What Rickey wanted was a black man who would remain stoic even as n-words poured from dugouts and bleachers, or when opposing white players slid into him, their sharpened cleats held high. “I’m looking for a ballplayer,” he said, “with guts enough not to fight back.”

Always, black people are expected to accommodate bigotry. To cure racism, we’re supposed to magically rise above it, instead of stripping it bare and calling out its practitioners and enablers. Just as foundational as racism itself is the corrosive belief that the burden of its eradication lays on the weary shoulders of those directly maligned by it.

Asking black people to stop racism is like asking women to stop sexism.


This was The New York Times columnist Maureen Dowd’s terrible recent take: “Still, I think Meghan Markle should have wielded her wokeness where it is most needed — in Buckingham Palace,” she wrote. “She could have channeled the Obamas, who did a magnificent job of rising above racist taunts and working within the institution to imprint a new image of racial possibility in America.”


In his January 2017 essay, “My President Was Black,” Ta-Nehisi Coates said of the outgoing chief executive, “For eight years, Barack Obama walked on ice and never fell.” Of course, Obama had no choice, even when he was deliberately pushed by racist GOP legislators or a future president. Had he put aside the noted Obama cool for a minute (as many of us wished he would), his presidency would have drowned in accusations that he was stirring racial unrest.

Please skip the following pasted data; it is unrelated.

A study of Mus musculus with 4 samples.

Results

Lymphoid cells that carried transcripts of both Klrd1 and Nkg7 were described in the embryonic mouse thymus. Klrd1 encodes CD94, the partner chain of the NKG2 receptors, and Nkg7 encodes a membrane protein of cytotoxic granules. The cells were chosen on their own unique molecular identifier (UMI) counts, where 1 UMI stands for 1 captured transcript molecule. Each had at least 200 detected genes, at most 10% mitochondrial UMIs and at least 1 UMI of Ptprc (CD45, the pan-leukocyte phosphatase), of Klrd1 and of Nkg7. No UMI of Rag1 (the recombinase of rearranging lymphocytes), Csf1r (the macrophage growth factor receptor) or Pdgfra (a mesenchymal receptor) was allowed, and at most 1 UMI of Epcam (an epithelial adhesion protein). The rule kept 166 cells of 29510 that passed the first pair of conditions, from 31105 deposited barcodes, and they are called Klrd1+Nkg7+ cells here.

In a racist system, challenging racism is deemed worst than racism — that’s why the International Olympic Committee has banned specific protests at the 2020 Summer Olympics, such as kneeling on the medal stand. As if politics haven’t long played a prominent role in the Games. Athletes must learn to abide, although some are already resisting.

During his Hall of Fame career, Robinson did not resist Rickey’s demand. Sixteen years after he retired, he was dead, at 53. Officially, he died from a heart attack. Unofficially, the enormous weight of the racism he was forced to ignore probably helped kill him.

At the 2016 Democratic National Convention, Michelle Obama first spoke the line which has become her trademark: “When they go low, we go high.” As first lady, she certainly endured her share of racist ire and handled it publicly with the same pragmatism and poise as her husband.



Renée Graham can be reached at renee.graham@globe.com. Follow her on Twitter @reneeygraham.